I stood on Rehobeth Beach in Delaware and licked my chops. Nasty waves were roiling out there, churned up by a hurricane in the Atlantic. Not often do waves like these bomb eastern shores - five-foot swells that take shape 100-150 feet out, rise to a foaming head and then crash with a roar. The shoreline at Rehobeth Beach drops off fast. Storm waves don’t gently roll in, all you need to do is listen to them. I’m a lifelong failed surfer (couldn’t figure out how to stand on the board) relegated to a gung ho body surfer. These five-footers looked like fun.
Wrong. I left my wife behind in her beach chair (“You’re not going in, are you? They’ve been warning people all week on Action News about the ripe tides and rough waves.”) Soon I was out where the swells formed, harmless looking green-gray humps that quickly rose to a gurgling white crest. The first five-footer I dived on to ride was churning and swirling. I stretched with arms out and hands touching. Then I had a belated stroke of insight: these aren’t body surfing waves. Then off the cliff I went.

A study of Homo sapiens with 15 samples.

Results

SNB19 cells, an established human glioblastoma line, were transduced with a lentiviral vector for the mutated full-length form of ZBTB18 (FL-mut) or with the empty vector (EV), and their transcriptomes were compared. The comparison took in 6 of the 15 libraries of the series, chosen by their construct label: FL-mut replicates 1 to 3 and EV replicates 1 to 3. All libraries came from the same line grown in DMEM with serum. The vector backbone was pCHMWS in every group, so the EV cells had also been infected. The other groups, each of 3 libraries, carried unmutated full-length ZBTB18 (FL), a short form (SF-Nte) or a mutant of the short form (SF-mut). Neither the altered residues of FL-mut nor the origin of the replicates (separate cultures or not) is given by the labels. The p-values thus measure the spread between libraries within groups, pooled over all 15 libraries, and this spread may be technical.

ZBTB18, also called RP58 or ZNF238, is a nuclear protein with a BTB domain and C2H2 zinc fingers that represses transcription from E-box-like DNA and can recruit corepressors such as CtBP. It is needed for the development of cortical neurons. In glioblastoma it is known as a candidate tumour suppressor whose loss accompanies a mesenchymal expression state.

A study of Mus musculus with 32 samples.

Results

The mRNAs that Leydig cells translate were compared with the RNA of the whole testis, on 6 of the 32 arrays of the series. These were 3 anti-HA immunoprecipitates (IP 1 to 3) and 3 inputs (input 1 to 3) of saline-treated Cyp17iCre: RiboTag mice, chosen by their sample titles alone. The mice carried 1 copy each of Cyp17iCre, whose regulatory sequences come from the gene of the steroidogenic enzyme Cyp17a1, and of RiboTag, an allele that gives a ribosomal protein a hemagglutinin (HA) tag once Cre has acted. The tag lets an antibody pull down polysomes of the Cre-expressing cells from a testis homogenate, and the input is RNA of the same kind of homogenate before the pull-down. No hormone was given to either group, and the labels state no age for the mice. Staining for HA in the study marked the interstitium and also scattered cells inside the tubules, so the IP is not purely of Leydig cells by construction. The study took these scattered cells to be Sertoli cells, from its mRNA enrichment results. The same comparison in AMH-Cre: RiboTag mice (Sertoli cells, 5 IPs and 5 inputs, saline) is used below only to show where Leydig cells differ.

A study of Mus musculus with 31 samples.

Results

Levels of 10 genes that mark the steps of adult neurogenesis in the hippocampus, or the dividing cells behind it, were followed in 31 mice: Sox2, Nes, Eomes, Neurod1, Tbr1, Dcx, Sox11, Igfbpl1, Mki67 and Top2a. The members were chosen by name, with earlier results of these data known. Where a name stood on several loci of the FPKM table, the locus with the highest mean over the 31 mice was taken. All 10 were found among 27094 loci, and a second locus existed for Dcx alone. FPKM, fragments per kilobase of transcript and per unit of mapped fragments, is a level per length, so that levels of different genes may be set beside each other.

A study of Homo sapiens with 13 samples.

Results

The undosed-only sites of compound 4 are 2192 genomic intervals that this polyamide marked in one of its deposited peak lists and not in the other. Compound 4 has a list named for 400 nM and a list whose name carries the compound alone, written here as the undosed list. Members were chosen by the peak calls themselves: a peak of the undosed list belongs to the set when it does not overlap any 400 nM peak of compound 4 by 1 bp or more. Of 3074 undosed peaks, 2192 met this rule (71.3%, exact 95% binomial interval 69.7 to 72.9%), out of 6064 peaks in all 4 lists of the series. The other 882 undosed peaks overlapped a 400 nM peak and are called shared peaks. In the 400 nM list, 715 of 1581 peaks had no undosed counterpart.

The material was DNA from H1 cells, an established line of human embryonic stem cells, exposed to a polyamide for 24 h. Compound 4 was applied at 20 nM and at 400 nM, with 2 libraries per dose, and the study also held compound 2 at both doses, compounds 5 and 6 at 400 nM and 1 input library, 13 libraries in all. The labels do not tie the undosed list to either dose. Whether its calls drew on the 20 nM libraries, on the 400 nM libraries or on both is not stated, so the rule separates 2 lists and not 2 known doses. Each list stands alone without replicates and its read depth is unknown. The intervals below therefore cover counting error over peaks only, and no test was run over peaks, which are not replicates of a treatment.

As the crest broke I shot inside an underwater washing machine, the force of the wave turning me upside down, right-side up. A whole lotta shakin’ going on in three feet of water. I surfaced, too weak in the knees to fully stand, in time to be clobbered by the next wave.
My adrenalin was juiced. Where’s the next bad boy, I wondered, looking to the horizon. I caught another foaming little monster, tried body surfing again, rode high on the crest for a moment, and plunged back into that washing machine. This time I tucked into a ball, easier to bounce off the ocean floor. At least I didn’t feel like my arms were being ripped from my shoulders. Amazing power packed in a five-foot wave.